This blog will give you a solution to checking 5-pin relay with a multimeter in simple steps. If you are facing a failed or malfunctioning ignition system of your car or truck, that’s may be due to a faulty starter relay. If an industrial motor’s mcc panel or other circuits failed in performing their basic functionality, the first step in the troubleshooting should be to test their relays.
Relay is a type of device which is now present in almost all types of electronic systems. Whether it’s a vehicle circuit, industrial motors control system, or any other electric installation you will find relays everywhere.
How to test a 5 pin relay with a Multimeter
Relays are actually electronic switching devices that are used to control the power supply to some circuit or machinery. For dealing with heavy load systems we can’t rely only on direct power supplies. But we can control this with help of a controlling system that can delay, switch or stop the power flow.
For checking the malfunctioning 5-pin relay, follow these simple steps given below.
Initial steps to check 5 pin relay
- Normally every relay has three basic terminals other than its power terminal which are normally open(NO), normally closed (NC) and common.
- First of all check relay physically, it should not have any worn, spark, or debris signs. Otherwise replacing it would be a better option.
- Now turn on the power supply to relay, it may be 12v dc or 220/120v ac and verify it with help of multimeter by testing voltage value coming to relay. By this, we are confirmed now that there is no power issue with relay.
Testing terminals of 5 pin relay
- Switch your multimeter to the resistance testing point and set it to the highest ohms range.
- Now place one probe of meter on COM point and other on normally closed or NC point of relay. If this terminal of relay is working well then it should give a reading of zero or close to zero ohms.
- Now connect one probe of automotive meter with COM and other with normally open or NO terminal.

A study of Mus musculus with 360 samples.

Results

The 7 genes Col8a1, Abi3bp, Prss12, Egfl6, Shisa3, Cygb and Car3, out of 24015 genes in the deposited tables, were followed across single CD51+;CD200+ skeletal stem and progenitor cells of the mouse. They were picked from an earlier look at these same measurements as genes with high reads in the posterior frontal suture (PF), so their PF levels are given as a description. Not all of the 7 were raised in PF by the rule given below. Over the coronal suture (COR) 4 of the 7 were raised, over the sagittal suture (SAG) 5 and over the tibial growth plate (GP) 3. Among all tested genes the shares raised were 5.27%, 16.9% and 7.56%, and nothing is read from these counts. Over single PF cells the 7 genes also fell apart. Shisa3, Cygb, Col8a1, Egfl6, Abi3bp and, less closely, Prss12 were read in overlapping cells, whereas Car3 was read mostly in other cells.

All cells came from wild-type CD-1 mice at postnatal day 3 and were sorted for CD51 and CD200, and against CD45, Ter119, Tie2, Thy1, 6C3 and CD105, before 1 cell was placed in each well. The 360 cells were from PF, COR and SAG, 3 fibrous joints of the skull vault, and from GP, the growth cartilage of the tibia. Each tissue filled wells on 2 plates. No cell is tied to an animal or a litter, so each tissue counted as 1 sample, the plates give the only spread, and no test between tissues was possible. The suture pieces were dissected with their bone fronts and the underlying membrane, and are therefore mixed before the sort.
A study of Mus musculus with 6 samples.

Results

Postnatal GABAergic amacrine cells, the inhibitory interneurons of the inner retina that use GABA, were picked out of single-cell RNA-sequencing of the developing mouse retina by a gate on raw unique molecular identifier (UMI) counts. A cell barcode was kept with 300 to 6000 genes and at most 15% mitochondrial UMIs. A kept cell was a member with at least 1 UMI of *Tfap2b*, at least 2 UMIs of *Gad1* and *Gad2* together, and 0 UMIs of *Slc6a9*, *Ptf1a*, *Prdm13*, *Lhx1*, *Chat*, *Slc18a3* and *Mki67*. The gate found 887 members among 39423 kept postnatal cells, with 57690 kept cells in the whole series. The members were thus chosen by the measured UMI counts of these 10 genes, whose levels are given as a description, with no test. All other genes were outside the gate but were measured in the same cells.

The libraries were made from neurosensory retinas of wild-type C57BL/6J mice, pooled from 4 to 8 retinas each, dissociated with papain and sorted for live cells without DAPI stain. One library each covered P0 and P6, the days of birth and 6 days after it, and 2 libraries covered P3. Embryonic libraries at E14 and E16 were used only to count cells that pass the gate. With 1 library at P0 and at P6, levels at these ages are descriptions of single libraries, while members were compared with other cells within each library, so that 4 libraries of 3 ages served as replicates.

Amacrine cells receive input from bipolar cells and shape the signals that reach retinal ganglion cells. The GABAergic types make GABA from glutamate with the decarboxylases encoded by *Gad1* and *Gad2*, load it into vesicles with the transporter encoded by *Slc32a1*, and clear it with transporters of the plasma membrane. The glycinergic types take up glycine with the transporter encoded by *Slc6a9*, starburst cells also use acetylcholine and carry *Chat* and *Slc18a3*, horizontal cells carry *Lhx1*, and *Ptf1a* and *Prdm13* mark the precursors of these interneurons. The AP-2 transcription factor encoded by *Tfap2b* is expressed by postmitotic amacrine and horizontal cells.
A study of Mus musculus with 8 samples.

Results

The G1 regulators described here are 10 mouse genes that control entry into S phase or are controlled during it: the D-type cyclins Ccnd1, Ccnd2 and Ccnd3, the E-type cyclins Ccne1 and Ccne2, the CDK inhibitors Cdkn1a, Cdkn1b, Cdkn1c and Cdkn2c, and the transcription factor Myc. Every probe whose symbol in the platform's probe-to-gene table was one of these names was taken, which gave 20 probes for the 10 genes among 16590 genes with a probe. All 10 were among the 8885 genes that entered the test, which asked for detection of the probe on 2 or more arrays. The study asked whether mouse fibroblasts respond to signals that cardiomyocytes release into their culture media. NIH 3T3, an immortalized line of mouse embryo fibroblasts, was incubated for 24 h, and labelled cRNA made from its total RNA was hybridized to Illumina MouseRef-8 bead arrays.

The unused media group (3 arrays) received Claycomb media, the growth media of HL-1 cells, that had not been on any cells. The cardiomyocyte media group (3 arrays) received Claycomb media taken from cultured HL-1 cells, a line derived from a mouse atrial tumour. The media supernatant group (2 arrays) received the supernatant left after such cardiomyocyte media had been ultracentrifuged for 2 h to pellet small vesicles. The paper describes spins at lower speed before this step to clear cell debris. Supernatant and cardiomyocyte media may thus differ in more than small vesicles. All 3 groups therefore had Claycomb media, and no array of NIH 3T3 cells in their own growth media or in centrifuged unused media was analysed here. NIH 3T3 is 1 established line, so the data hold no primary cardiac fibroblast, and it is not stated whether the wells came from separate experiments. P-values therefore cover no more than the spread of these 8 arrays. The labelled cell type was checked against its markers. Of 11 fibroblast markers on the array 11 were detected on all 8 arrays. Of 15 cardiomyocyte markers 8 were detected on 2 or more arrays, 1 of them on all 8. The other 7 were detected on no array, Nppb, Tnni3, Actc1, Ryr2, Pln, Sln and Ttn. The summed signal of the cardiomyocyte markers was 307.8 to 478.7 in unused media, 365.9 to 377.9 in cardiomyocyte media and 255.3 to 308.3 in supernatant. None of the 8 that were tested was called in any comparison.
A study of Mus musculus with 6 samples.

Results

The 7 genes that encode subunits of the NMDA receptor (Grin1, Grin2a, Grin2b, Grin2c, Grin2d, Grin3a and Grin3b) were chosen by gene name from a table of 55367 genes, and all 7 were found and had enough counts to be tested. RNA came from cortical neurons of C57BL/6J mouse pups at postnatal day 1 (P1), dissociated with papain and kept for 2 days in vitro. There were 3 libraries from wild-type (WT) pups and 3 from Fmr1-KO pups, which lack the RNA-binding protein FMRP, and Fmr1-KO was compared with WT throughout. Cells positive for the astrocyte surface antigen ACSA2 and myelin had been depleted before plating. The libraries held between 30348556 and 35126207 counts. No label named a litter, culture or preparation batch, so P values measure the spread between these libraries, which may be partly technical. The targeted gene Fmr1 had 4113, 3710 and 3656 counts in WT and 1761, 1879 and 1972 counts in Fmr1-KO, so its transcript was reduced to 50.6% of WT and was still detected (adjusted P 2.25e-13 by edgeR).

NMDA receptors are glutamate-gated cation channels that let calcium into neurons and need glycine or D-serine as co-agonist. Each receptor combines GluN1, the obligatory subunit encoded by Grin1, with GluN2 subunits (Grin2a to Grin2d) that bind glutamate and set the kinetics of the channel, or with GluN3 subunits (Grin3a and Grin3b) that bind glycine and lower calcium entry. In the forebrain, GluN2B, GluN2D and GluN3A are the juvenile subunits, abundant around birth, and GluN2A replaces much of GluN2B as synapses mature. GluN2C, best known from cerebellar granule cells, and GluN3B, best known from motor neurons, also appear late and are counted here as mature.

- If the meter is giving a value of mili ohms or even higher ohm value that means this point of relay is working accurately. If the results are near zero ohms then this is definitely a faulty relay and you have to replace it immediately.
- Till now, we have checked NO and NC terminals of relay, now if these points have no problem we should check the coil of relay.
- Connect multimeter probes to relay’s terminals and check resistance. To verify the rated value of resistance for relay coil, read manual or guidebook of that relay.
- Suppose you have Ehdis 5 pin relay of model number JD2912-1Z then you should have ohm value near 80 ohms. If meter result is noticeably higher or lower than this range, it’s a sign that the relay coil is not working well.
Symptoms of a faulty Relay
There are several symptoms and signs of a failed or malfunctioning relay. In cars and other vehicles one may see an error or warning sign on screen, delays in starting of engine, some clicking sounds by relay, corrosion and dirt around the relay.
In industrial motors which are powered through relays, we can experience same issues like no power to motor even when electricians have powered on the main mcc switch of motor. Or motor isn’t stopped when operator give command to stop that motor through plc (programmable logic control) system.
Sometimes due to some surge or heating issue relay contacts can melt and weld together, in that case, relay can cause serious damage due to its reverse operation. Reverse operation means when you turned off the car engine, the faulty relay with joined terminals will still give power to the starter and other circuits if not replaced.
We tried our best to give a brief process on how to test 5 pin relay with a multimeter on your own. Primary thing is to verify the accurate working of relay terminals. We will advise you to don’t play with circuits if you are not trained well to do so. Otherwise, you should call any electrical agency or an automotive electrician for conducting this test.
For more knowledge watch the video below by “ratchets and wrenches”.
Leo Maxwell is basically an Electrical engineer and hobby tech writer, having 13 years of experience in the electronics and instrumentation industry. He has hands on experience working in various fields like Powerhouses, solar, automotive, and FMCG.
During his career, he has used many power tools and meters in electrical projects. Now his aim is to explain tools and troubleshooting in easy guides to help people. Other then it, leo loves traveling, reading books and DIY tasks.